There can be no doubt now about climate change


The Government-sponsored conference on climate change, which concluded in Exeter yesterday, was a success. It demonstrated, beyond doubt, that global warming is one of the gravest threats facing our world today. The conference also confirmed that the overwhelming majority of independent scientists are of the opinion that we must drastically reduce our carbon emissions if we are to avoid disaster. The idea that the rapid heating up of the Earth is nothing to do with our reckless use of energy was given short shrift by this distinguished gathering.

Tony Blair now has solid scientific ammunition when he attempts to persuade the G8 governments of the need to step up the international response to the threat of climate change. President Bush, in his State of the Union speech on Wednesday, again showed little sign that he is prepared to revise his dangerously complacent attitude. The difficulty of convincing America of the need to curb emissions remains the biggest obstacle to progress - and the Prime Minister's success will be a test of the worth of his celebrated "special relationship" with Mr Bush.

But Mr Blair has no room for complacency either. The EU emissions-trading scheme, the centrepiece of his climate policy, needs to be tightened up. And more ought to be done to encourage oil companies to utilise carbon sequestration - in which liquid carbon dioxide is pumped from coal-fired power stations into empty oil wells - including tax incentives.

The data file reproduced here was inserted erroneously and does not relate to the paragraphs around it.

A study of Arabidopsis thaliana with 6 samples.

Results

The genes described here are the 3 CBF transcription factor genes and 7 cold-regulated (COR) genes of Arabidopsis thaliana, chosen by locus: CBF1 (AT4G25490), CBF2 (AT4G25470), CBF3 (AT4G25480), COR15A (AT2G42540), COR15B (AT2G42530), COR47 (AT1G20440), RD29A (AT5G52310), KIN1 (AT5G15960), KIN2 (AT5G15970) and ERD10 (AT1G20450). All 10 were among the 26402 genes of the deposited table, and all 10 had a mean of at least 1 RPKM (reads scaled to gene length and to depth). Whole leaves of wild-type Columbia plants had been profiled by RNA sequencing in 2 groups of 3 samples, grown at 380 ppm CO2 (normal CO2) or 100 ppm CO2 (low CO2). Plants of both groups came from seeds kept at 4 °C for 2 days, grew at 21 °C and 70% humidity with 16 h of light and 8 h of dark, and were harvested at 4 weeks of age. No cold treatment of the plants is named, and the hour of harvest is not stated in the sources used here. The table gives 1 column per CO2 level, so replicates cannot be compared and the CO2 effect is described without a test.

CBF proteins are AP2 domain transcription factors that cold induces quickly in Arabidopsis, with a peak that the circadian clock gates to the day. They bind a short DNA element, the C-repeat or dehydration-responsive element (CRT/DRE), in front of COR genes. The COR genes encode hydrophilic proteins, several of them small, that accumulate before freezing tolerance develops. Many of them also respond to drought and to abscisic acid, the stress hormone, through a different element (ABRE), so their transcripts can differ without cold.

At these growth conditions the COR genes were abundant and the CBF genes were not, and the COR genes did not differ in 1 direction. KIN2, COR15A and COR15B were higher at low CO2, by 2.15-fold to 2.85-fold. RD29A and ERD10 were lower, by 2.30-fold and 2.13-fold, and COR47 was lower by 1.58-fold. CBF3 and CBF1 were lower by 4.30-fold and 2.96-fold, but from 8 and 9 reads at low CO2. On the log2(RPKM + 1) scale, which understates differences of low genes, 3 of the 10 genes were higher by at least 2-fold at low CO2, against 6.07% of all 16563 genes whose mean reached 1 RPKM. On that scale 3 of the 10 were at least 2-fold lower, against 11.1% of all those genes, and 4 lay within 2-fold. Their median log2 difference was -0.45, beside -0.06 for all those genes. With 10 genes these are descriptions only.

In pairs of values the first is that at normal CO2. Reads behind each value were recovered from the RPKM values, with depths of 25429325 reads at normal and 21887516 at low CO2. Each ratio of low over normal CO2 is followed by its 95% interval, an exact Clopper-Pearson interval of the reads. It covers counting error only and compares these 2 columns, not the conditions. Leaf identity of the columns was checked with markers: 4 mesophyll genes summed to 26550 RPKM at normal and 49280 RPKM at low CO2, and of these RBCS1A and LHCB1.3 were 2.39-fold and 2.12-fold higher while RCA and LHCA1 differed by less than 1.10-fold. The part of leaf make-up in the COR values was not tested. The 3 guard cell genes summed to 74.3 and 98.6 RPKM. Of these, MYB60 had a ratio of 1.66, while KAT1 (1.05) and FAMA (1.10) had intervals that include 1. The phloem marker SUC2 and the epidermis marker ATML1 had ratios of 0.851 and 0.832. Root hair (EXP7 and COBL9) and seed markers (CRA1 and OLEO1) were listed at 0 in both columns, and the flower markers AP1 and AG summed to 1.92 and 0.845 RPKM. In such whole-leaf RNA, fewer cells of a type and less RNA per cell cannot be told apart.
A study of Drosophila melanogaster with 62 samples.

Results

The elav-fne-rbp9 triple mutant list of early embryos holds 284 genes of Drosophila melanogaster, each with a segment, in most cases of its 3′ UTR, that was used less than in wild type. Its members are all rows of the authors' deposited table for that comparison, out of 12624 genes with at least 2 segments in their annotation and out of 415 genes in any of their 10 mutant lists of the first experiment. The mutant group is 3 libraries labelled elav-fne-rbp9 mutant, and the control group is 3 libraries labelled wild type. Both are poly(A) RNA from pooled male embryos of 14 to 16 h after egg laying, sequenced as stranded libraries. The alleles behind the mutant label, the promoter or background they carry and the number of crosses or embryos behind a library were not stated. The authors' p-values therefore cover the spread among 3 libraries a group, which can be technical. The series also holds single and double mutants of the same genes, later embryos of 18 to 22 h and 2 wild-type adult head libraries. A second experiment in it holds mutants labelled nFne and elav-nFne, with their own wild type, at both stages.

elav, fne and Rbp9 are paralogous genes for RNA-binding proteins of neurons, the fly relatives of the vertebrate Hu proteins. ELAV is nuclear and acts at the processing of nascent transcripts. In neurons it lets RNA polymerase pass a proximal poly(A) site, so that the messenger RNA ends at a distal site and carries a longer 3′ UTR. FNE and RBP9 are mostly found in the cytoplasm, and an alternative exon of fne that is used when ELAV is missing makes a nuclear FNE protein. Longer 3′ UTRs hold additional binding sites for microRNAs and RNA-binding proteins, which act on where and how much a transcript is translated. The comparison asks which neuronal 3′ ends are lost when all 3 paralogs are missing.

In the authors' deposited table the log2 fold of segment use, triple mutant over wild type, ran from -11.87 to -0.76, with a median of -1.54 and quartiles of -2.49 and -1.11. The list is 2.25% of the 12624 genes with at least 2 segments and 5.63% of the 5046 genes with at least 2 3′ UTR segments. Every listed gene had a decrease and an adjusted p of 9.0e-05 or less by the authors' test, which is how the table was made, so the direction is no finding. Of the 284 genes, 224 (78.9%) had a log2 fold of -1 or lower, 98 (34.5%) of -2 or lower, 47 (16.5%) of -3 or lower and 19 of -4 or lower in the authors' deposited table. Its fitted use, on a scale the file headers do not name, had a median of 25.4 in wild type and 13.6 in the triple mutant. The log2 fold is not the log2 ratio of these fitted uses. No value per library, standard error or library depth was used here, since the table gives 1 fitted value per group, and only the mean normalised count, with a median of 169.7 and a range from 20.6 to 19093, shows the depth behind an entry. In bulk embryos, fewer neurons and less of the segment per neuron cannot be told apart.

The idea of giving tax incentives to a company such as Shell - which yesterday announced unprecedented profits and has a dubious environmental record - will strike many as perverse. But oil companies are commercial entities - and although Shell made £9bn profit in 2004, most of it overseas, it will also pay £6bn in tax to the British Exchequer. If some of that money could be channelled into emission-reducing technology, we would all benefit.

This week's conference has emphasised the daunting scale of the problems that are in store if the earth continues to heat up at this rate. The task for the world's politicians is to do something about it. And quickly.